Oeosa Temple is located in southern Pohang, Gyeongsangbuk-do to the east of Mt. Unjesan (479.5 m). Oeosa Temple was first founded during the Silla Kingdom (57 B.C. to 935 A.D.) during the reign of King Jinpyeong of Silla (r. 579 – 632 A.D.). At first, the temple was named Hangsasa Temple. The temple gained its current name through a rather interesting tale about the monks Hyegong and Wonhyo-daesa (617-686 A.D.). One day, while attempting to revive two fish that had been swimming in the neighbouring lake, one of these two fish came back to life. Both claimed that they were the one to revive the fish, so from that day on the temple came to be known as Oeosa Temple, which means “My Fish Temple” in English.
Since the temple’s creation, very little is known about its history. However, what is known is that four monks, Jajang-yulsa (590-658 A.D.), Wonhyo-daesa (617-686 A.D.), Hyegong, and Uisang-daesa (625-702 A.D.) had a relationship with Oeosa Temple. This is made evident by the hermitages that surround Oeosa Temple like Jajangam Hermitage and Hyegongam Herimtage to the north, Wonhyoam Hermitage to the south, and Uisangam Hermitage to the west.
In total, Oeosa Temple is home to one Korean Treasure. This is the Bronze Bell of Oeosa Temple, which is Korean Treasure #1280.
You first approach Oeosa Temple up a long winding road that’s surrounded by the neighbouring mountains and a water reservoir. On your way, you’re likely to see some local mountain hikers out enjoying the picturesque landscape. Immediately upon entering the temple grounds, you’ll be greeted by an open Jong-ru (Bell Pavilion). There’s a large Brahma Bell housed inside it, and it’s adorned with beautiful Bicheon (Flying Heavenly Deities). In addition to the central Brahma Bell, you’ll find an old, gnarled wooden fish gong, as well.
To the immediate right of the bell pavilion is the temple’s fountain that has a baby stone monk at the head of the fountain. To the right of this cute fountain, you’ll find the Nahan-jeon Hall. Up the stairs, and entering the Nahan-jeon Hall, you’ll find a golden collection of Nahan (The Historical Disciples of the Buddha) inside. These sixteen statues are joined by a main altar triad centred by Seokgamoni-bul (The Historical Buddha).
Next to the Nahan-jeon Hall is the simplistic Samseong-gak Hall. The exterior walls to this hall are adorned with beautiful landscape paintings. Inside, you’ll find three shaman murals. In the centre is a rather long Chilseong (The Seven Stars) mural. To the right is a simplistic painting dedicated to Dokseong (The Lonely Saint). And to the left, you’ll find a stunning Yongwang (The Dragon King) mural. If you look close enough at the Yongwang mural, you’ll actually see that the golden scales of the swirling dragons are bubbled to give the dragon scales texture. Keeping the Samseong-gak Hall company, and slightly to the left and under a beautiful cherry blossom tree, is the Sanshin-gak Hall. Housed inside the other shaman shrine hall at Oeosa Temple is a simplistic mural dedicated to Sanshin (The Mountain Spirit). Sanshin is joined in this mural by his trusty side-kick, a ferocious tiger.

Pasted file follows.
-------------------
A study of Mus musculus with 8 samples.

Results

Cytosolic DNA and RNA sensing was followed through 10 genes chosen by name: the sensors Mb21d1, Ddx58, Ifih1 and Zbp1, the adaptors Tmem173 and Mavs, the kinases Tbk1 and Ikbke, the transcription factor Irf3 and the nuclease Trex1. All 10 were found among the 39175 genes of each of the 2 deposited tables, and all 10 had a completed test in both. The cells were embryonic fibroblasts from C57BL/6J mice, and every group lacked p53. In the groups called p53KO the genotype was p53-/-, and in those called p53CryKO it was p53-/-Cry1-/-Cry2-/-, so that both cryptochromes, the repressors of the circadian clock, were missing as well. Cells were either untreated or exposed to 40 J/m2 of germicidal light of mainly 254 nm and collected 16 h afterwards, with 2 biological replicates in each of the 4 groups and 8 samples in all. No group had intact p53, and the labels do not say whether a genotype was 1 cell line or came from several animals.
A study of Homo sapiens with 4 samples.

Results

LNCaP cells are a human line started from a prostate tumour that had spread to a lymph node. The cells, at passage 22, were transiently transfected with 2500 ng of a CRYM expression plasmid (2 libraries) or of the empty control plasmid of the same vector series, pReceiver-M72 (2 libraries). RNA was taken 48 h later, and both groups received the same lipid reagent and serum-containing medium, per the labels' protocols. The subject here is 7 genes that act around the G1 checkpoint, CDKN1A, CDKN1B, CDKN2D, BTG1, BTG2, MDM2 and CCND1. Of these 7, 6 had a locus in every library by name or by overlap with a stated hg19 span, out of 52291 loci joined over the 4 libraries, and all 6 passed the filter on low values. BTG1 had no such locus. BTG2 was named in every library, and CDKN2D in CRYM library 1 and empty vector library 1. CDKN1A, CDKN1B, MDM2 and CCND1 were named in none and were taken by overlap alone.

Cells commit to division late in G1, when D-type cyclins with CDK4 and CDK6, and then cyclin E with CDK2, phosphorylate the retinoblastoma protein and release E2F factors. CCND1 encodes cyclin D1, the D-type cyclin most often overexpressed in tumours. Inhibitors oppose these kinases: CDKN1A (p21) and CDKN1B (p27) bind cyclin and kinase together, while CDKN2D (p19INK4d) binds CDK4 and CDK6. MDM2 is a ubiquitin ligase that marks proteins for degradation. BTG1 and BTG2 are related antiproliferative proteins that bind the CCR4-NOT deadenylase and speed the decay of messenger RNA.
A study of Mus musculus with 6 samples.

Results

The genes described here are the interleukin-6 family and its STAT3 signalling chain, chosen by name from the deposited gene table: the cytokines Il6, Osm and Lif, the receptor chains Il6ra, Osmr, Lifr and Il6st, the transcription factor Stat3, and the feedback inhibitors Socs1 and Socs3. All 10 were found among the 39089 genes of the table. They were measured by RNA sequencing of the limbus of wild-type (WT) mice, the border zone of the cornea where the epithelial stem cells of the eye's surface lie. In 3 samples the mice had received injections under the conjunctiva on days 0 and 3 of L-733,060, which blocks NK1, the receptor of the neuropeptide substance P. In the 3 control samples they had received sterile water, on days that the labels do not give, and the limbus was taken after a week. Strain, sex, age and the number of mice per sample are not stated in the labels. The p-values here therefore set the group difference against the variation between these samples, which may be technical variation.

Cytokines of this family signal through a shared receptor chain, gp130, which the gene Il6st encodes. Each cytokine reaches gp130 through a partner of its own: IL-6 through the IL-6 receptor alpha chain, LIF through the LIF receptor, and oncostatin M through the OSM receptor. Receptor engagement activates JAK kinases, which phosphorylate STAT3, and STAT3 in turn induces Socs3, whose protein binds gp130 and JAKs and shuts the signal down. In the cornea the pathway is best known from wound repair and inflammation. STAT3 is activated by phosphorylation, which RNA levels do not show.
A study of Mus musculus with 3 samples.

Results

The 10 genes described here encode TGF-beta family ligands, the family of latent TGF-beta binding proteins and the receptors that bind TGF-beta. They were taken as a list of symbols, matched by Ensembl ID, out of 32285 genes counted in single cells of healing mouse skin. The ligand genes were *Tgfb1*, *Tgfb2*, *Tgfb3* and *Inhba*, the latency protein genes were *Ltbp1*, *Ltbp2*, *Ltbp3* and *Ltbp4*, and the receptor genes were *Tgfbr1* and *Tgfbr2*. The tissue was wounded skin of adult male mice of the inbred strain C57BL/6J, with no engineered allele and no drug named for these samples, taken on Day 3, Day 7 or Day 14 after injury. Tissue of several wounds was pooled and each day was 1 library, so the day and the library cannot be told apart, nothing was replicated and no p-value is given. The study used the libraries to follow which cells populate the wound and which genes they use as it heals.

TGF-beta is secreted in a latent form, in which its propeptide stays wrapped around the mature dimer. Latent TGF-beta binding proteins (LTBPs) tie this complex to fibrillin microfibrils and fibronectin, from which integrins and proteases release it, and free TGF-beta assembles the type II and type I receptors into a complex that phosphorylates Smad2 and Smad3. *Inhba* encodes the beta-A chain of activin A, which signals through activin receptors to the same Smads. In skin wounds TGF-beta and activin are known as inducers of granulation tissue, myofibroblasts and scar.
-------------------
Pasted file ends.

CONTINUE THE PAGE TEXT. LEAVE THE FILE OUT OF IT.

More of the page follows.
Uniquely, or rather strangely, the Daeung-jeon Hall at Oeosa Temple sits in the centre of the temple courtyard and not at the back of the temple grounds. The Daeung-jeon Hall dates back to 1741, and its exterior walls are adorned with a beautiful collection of Shimu-do (Ox-Herding Murals). Stepping inside the rather compact main hall, especially for a temple of such size and prominence, you’ll find a triad of statues resting on the main altar. In the centre sits an image of Seokgamoni-bul (The Historical Buddha). To the right of the main altar is an older painting dedicated to Jijang-bosal (The Bodhisattva of the Afterlife).
After looking around the temple grounds, you can walk out the main temple gates and past two fierce-looking Narayeon Geumgang and Miljeok Geumgang (Heng and Ha) that adorn the temple entry gate. Down the stairs, you’ll come to a beautiful river that flows tranquilly out in front of Oeosa Temple. The view is both peaceful and calm.
Before you leave Oeosa Temple, and if you have time, you should visit the temple’s museum, which is free. The museum houses the purported hat of Wonhyo-daesa, and it’s also where you’ll find the Bronze Bell of Oeosa Temple, which is a Korean Treasure. In November, 1995, during construction on the reservoir in front of Oeosa Temple, the Bronze Bell of Oeosa Temple was discovered. The bronze bell was first cast in 1216. Suseong-daesa, from Donghwasa Temple in Daegu, was in charge of the casting of this specific bronze bell. On the surface of the bell, you’ll find Bicheon (Flying Heavenly Deities) flying. You’ll also find two Bodhisattva images on the surface of the bell. Each is kneeling on a flower cushion, and their hands are clasped together. Amazingly, the bell weighs 180 kg.
How To Get There
From the Pohang Intercity Bus Terminal, you’ll need to make your way over to the Ocheon Transfer Station. To get there, you can either take Bus #175 for thirty minutes, or you can take a taxi that’ll last seventeen minutes. The taxi ride will cost about 10,000 won. From the Ocheon Transfer Station, you’ll then need to board the bus that says “Ocheonjiseon (Oeosa) – 오천지선 (오어사)” on it. This bus ride will last about twenty minutes, or eleven stops. From where the bus lets you off, you’ll need to walk the remaining kilometre to Oeosa Temple.
Overall Rating: 7.5/10
Oeosa Temple is one of the most beautifully located temples in all of Korea with its meandering river and the towering mountains. Adding to this natural beauty is the Bronze Bell of Oeosa Temple inside the temple museum, the historic Daeung-jeon Hall with its Shimu-do (Ox-Herding Murals) that adorn its exterior walls, and the handful of other temple shrine halls that visitors can explore. Oeosa Temple makes for a nice little weekend getaway from the hustle and bustle of city life.